Picture of Provincial Debt: Part 11, Newfoundland & Labrador
The picture of debt in Newfoundland and Labrador, like so many other provinces, is a conflicted one. Due to a steady decline in fishing and forestry industries in the early 2000s, Newfoundland & Labrador was often thought of as a “have-not” province. It never saw the huge influx of its populations as provinces out West, and those who did reside there often left the province for weeks or months at a time to work in the Territories – or out West, with just about everyone else it seemed.
But things started to turn around for this far Eastern province, and for many years the provincial government actually recorded a surplus – for three years in a row. While this might not be that amazing all on its own, when you take into consideration that the province saw the biggest surplus the same year the recession hit, it becomes more impressive.
The year following that big surplus the province saw a small decline, going into deficit territory; but not before long when the 2010-2011 fiscal year saw another surplus. And this time it lasted for another two years.
This year the net debt of Newfoundland and Labrador climbed to $8.5 billion with that deficit. That’s up from the $7.8 billion seen in deficit the year before. But even with an increasing net debt load, the province still has one of the lowest debt to GDP is still one of the lowest in the country. And while the province will continue to see a deficit for the continuation of the 2012-2013 fiscal year, it’s also expected to run a surplus once again in 2014-2015.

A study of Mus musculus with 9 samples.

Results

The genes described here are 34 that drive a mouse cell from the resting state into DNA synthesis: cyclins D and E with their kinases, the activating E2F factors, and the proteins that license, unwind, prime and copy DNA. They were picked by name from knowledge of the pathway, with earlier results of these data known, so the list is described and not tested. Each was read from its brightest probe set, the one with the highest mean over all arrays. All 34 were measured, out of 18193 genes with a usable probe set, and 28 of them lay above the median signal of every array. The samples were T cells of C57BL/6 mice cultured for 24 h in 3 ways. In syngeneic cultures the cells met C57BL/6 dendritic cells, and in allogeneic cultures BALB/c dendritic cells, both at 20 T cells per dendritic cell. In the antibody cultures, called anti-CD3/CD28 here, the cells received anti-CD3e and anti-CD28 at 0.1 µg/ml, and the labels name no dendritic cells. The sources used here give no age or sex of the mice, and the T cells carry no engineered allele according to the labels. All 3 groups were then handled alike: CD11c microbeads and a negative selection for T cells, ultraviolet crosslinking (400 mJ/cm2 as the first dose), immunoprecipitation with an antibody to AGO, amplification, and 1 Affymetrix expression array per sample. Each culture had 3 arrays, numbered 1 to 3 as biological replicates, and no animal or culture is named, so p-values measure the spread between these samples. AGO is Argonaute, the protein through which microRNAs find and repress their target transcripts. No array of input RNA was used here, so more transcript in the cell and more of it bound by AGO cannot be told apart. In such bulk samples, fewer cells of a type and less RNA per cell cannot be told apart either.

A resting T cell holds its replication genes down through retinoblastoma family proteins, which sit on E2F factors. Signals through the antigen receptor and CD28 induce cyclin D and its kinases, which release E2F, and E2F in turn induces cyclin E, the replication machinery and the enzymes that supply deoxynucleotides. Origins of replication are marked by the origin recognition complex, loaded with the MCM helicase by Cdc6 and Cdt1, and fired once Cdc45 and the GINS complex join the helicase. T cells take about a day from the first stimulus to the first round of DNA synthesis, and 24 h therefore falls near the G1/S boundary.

What might be even more fortunate for the residents of Newfoundland & Labrador, aside from the fact that their province will be getting out of debt, is that the provincial government isn’t going to heavily tax them in order to make that surplus. Instead, it will be an abundance of other resources, mainly in the form of oil.
The province won’t be without its problems though, when it comes to achieving that surplus in fiscal year 2014-2015. That’s because this will be the first time in several years that the province won’t be eligible for the Atlantic Accord payment – payments given to provinces that were heavily taxed due to offshore resources. Because Newfoundland & Labrador has been doing so well, and is expected to continue to do well, they will not be eligible for this support. And that will be an obstacle when it comes to getting the province back into black.
Still, out of all the Canadian provinces, there are six that have a higher debt to GDP ratio than Newfoundland & Labrador, and things are only predicted to get better. Pretty impressive for a province that not so long ago was considered a ‘have not.’
The five biggest cities in Newfoundland and Labrador are:
Conception Bay South
A little later we’ll take a look at each of these cities, and how they contribute to the province’s overall debt picture.